Alfred and his wife, Immaculata
Alfred and Immaculata are a couple from Kenya who have been living in Greece for a number of years now. The financial crisis that has hit Greece since 2009 and the high unemployment rates means that finding a job got more and more difficult for economic migrants and locals alike. After the arrival of their baby boy, only a few months ago, the couple decided to apply for the Assisted Voluntary Return and Reintegration Programme (AVVR), implemented by IOM Greece.
“My sister used to live in Greece, she’s a nun, and through her I learnt many things about the country and I decided to settle in Athens about 5 years ago. Alfred joined me a couple of years later”, says Immaculata. “I lived in Nairobi with my older son and worked in a beauty salon. I came here in Greece hoping to get a job and provide for my family back to Kenya. I thought it would be different from Africa, a change for the best. So, I left my son with my mother and moved here. At first, it was really difficult to find work. It took me more than a year to finally get a job as a live-in nanny”.
“I used to be a lorry driver in Nairobi, for a transport company. When I arrived here, I found a job in Mykonos, in a hotel. It was a good place. I’d welcome the guests, take them to the airport and occasionally guide them around” says Alfred. “But, things are becoming harder and harder in Greece. We have to pay for all sorts of things but we cannot get a job, the stability that we need. Even buying basic items is a problem. And now that the baby came, we have so many more needs”.
“It’s not easy with the baby, I cannot stay with him because I have to work in a live-in job. But how can I leave my baby to go and live with another family? He’s really young, he needs me, I’ ll be punishing him. I have to breastfeed him, he gets sick. I have no family here to help me and I cannot afford a babysitter”, Immaculata explains.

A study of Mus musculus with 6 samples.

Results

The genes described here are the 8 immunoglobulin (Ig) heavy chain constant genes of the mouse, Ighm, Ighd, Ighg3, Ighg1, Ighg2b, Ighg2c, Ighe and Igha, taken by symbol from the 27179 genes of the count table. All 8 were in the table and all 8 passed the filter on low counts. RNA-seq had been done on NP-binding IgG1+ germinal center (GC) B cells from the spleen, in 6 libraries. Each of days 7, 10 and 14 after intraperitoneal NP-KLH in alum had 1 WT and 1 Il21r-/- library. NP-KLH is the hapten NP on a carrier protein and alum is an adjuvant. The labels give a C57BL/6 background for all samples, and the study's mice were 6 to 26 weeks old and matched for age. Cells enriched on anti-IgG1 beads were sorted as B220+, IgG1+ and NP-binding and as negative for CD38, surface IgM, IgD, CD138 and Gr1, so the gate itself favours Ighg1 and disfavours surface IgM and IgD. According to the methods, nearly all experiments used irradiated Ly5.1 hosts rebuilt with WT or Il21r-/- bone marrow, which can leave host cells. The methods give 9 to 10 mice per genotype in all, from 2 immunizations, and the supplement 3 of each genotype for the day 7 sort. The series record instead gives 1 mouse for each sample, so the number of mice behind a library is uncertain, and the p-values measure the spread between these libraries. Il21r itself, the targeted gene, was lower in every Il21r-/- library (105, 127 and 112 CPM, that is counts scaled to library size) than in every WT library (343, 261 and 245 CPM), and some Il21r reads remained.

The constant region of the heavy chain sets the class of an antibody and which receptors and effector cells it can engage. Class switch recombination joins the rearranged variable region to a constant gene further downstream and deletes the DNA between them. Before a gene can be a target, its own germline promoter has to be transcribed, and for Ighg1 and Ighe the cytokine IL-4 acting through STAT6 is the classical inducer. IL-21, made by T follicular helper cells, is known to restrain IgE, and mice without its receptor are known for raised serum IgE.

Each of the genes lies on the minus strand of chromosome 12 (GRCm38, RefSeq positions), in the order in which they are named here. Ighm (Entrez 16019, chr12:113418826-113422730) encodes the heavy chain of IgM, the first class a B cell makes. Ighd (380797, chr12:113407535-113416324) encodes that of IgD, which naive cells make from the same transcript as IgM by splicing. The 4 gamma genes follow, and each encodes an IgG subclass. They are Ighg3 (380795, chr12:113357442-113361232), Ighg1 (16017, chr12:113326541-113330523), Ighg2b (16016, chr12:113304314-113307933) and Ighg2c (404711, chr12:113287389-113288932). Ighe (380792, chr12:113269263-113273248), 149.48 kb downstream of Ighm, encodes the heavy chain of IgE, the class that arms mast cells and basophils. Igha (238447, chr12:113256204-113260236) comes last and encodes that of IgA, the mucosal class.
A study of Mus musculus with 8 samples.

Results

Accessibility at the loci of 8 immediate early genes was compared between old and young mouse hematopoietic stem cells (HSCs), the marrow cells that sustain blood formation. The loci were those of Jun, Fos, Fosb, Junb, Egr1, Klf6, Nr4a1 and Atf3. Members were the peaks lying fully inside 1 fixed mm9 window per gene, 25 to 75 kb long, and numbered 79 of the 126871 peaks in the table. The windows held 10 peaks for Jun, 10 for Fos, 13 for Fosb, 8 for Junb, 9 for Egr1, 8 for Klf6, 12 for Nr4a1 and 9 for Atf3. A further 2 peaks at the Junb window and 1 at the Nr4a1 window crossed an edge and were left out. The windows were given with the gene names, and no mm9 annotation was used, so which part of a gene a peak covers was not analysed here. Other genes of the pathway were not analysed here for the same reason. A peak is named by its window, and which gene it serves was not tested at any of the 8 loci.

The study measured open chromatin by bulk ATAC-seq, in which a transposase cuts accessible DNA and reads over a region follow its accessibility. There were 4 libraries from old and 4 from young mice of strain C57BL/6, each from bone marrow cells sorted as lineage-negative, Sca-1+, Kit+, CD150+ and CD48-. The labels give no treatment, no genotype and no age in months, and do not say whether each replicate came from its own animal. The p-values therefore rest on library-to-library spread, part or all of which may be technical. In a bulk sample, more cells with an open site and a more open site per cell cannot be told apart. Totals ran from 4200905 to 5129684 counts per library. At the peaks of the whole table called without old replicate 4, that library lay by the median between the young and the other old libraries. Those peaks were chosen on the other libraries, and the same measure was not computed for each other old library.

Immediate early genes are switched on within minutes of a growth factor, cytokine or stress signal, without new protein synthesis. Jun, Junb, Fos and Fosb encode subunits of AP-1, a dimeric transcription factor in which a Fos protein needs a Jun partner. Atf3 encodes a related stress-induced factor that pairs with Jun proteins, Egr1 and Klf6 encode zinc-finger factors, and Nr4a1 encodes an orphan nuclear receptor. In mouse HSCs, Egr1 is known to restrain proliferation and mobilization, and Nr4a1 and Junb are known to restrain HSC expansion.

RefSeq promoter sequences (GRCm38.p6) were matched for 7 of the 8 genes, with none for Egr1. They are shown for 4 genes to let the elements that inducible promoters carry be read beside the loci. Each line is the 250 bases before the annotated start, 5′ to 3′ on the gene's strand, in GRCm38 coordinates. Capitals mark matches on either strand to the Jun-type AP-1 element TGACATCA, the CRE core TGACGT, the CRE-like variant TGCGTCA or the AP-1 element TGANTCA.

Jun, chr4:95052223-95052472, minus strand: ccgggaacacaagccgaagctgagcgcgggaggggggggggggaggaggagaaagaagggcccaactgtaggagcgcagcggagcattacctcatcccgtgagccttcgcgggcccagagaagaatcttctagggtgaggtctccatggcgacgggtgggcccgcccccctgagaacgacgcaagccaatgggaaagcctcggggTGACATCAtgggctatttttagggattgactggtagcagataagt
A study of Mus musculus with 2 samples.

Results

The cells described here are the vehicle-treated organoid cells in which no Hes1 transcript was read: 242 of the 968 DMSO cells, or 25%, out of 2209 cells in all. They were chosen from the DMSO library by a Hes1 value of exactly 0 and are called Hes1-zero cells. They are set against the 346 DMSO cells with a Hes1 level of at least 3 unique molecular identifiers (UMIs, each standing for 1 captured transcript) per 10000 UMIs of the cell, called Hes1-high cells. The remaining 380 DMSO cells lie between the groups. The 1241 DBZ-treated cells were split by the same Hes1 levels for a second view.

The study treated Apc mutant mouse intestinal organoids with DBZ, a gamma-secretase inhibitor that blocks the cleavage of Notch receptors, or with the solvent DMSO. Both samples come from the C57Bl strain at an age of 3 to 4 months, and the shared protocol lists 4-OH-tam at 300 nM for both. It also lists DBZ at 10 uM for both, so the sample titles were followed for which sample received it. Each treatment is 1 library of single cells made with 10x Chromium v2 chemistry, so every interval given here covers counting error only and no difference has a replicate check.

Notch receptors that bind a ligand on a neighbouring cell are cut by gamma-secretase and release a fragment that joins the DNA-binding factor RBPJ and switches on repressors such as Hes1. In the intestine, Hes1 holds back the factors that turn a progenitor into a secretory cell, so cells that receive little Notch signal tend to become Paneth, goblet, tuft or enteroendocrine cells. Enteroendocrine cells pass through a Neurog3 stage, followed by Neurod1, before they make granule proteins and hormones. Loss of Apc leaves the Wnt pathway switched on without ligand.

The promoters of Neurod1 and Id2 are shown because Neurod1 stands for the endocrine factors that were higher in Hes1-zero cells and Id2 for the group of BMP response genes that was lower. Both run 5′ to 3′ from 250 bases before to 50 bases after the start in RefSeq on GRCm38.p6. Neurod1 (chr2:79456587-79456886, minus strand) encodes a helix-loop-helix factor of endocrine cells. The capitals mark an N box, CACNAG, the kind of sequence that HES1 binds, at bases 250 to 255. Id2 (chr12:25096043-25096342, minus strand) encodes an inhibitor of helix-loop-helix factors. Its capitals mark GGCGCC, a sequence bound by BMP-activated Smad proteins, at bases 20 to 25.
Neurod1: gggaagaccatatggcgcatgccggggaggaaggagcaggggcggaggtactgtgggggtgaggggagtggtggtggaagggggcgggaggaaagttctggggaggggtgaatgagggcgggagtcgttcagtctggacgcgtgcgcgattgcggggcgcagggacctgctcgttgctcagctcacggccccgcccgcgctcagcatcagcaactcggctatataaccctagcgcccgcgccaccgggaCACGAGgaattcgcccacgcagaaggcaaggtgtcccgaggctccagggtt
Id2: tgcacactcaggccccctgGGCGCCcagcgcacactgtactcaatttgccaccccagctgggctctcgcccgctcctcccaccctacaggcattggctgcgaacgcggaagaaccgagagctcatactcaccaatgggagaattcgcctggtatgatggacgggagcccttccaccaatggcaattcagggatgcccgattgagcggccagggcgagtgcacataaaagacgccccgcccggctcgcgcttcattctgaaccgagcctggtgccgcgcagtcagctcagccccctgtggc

“So, we have decided to go back to Kenya”, Alfred continues. “We found out about the AVRR programme through some acquaintances and we googled it. And so here we are today, waiting for the moment to take the plane back to our homeland”.
“And you know, my older boy in Kenya needs me, too. My mother takes care of him but he feels lonely, he often tells me ‘I’m not happy, I want you to come home’. He’s 17 now”, Immaculata says. “However, other members of my family cannot believe we want to go back, they say ‘no, stay there, don’t come back to Kenya’. But, when one lives in Africa, even when told that the situation in Greece is not good, they don’t seem to understand it. They don’t get how hard it is here, they don’t have the first-hand experience, they cannot compare. Many of our Greek friends are also suffering under the financial crisis, some of them are planning to migrate to America”.
“We will be given some assistance by IOM to start again in Kenya, so I hope to buy a used pick-up truck and start my own transport business, be independent and provide for Immaculata and the boys. And it’s always nice to be home” says Alfred, smiling.
The project "The implementation of Assisted Voluntary Returns including Reintegration measures" (AVRR) is co-funded 75% by Asylum, Migration and Integration Fund (AMIF) and 25% by Greek Ministry of Interior.